Seventy-year-old Japanese performance footwear brand Asics is making its presence felt in North America, recording solid growth in Mexico and the U.S. in Q3 for the third-straight quarter of positive growth on the continent—its first such streak since 2015.
In a Nutshell: Asics said it went into the quarter focused on four priorities: win with performance running shoes, expand its vintage brand name, Onitsuka Tiger, accelerate growth via the expansion of its HQ in Shanghai and find new business through digital channels.
As a top priority, Asics expanded its performance running bloc through a new sponsorship of the Los Angeles Marathon, beginning in 2020. Following the news that it would be the event’s primary sponsor, Asics also made waves in the running world by acquiring Race Roster, a racing registration platform that gives the brand direct access to runners at events all over the world.
“The idea of integrating an athletic brand with race registration solves many of the challenges faced by race directors,” Alex Vander Hoeven, CEO of Race Roster, said of the acquisition. “We are excited that a brand so deeply ingrained in the running community shares our vision, and we look forward to introducing our expanded offering to the racing industry.”
In October, Asics took an equity stake in innovative Spanish fabric startup Pyrates Smart Fabrics as a part of its mission to shift production to sustainable materials.
Sales: Global net sales for Asics fell 3.2 percent to 286,166 million yen ($2.635 billion) in the third quarter, which the company blamed on weak sales in its apparel and equipment category despite strong sales for Onitsuka Tiger.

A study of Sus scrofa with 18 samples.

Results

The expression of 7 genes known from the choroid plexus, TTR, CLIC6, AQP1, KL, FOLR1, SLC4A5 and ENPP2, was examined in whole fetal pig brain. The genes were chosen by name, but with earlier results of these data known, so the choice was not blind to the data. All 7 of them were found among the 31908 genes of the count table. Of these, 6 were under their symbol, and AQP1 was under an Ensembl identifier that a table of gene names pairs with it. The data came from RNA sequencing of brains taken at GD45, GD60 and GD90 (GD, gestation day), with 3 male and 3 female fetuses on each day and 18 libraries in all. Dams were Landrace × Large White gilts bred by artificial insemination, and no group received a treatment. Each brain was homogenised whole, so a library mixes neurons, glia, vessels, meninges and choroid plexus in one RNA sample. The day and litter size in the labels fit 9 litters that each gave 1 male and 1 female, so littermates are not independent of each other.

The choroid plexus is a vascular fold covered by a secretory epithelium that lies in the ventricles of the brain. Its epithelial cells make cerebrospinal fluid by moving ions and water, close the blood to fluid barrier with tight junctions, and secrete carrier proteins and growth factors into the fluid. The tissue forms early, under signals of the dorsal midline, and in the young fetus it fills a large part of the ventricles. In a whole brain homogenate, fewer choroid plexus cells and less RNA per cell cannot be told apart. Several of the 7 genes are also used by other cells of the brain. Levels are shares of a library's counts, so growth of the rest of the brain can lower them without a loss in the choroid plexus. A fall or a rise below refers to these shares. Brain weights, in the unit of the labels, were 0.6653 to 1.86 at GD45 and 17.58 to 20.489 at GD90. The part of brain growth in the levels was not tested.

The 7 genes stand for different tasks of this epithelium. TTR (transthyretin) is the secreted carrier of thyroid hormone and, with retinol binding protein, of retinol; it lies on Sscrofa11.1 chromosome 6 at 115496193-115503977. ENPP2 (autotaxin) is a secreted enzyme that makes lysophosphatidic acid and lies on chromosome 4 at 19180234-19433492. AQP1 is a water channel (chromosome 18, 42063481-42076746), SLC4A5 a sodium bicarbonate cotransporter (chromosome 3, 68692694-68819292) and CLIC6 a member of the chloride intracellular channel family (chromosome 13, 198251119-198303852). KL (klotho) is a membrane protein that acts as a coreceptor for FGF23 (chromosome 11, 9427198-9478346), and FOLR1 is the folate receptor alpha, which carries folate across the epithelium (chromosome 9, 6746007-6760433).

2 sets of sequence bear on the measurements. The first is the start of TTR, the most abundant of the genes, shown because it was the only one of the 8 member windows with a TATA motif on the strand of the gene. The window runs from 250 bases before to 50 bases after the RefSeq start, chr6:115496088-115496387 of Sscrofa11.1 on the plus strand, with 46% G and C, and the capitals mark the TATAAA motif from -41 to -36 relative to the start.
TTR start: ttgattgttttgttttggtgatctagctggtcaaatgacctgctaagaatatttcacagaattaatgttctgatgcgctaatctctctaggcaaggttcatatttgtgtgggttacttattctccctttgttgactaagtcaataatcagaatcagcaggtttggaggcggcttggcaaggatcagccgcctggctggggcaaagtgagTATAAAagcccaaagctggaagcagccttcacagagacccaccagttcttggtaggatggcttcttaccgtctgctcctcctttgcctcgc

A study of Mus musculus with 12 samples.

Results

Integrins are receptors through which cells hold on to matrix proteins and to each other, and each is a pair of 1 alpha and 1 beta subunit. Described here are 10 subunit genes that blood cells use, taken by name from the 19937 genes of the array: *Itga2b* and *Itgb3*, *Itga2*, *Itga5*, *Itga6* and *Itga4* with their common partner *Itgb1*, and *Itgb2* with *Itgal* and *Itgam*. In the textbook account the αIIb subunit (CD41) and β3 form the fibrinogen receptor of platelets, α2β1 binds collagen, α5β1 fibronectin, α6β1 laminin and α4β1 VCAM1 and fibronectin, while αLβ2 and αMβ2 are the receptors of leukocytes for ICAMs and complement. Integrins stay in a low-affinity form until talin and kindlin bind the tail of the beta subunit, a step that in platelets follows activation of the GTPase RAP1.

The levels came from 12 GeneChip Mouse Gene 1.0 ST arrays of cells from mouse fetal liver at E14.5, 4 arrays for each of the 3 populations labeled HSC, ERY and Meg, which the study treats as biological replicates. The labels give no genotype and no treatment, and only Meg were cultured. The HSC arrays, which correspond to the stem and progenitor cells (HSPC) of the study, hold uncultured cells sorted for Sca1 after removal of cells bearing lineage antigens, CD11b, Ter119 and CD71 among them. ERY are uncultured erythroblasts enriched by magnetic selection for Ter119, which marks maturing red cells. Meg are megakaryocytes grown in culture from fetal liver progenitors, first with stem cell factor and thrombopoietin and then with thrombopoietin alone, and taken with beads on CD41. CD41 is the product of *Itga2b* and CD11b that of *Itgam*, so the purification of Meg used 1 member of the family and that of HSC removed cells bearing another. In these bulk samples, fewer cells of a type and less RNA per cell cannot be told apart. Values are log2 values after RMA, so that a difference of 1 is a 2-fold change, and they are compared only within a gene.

In the United States, sales were up 5.7 percent in Q3 and are now up 3 percent on the year. Increased store traffic during back-to-school and holiday shopping seasons buoyed the brand—along with 6.2 percent year-over-year growth in the performance running category.
Asics’ Core Performance Sports category also saw a healthy increase in sales, up 19.3 percent year-to-date, propelled by new tennis shoe releases.
Much of the brand’s growth in North America was also driven by its digital push, as e-commerce sales increased at a rate of 39.7 percent so far in the year. Asics credited its strategic investments in email, paid search and social channels for this growth.
Asics sales in Mexico saw the largest jump in the region, growing 98.4 percent in local currency sales and 359 percent in the wholesale channel due to a “renewed strategic approach.” Sales in Canada benefitted from this same strategy, up 359 percent in the quarter.
Earnings: Overall sales for Asics weakened in the third quarter due to higher margins and struggles in apparel and equipment. As a result, net profit fell to 7,172 million yen ($66.04 million) from 8,637 million yen ($79.53) million in the comparable time frame.
CEO’s Take: As of March, Asics North America has been operating under the tutelage of new CEO, Koichiro Kodama. His priority has been to promote the brand’s performance heritage from the start, which he said nurtured Asics’ success on the continent in Q3.
“Asics has continued to showcase our commitment to our consumers and performance running,” Kodama said. “As we close out the year, we will continue to enhance the ways in which we support and connect with consumers through our trusted partners and our direct-to-consumers.”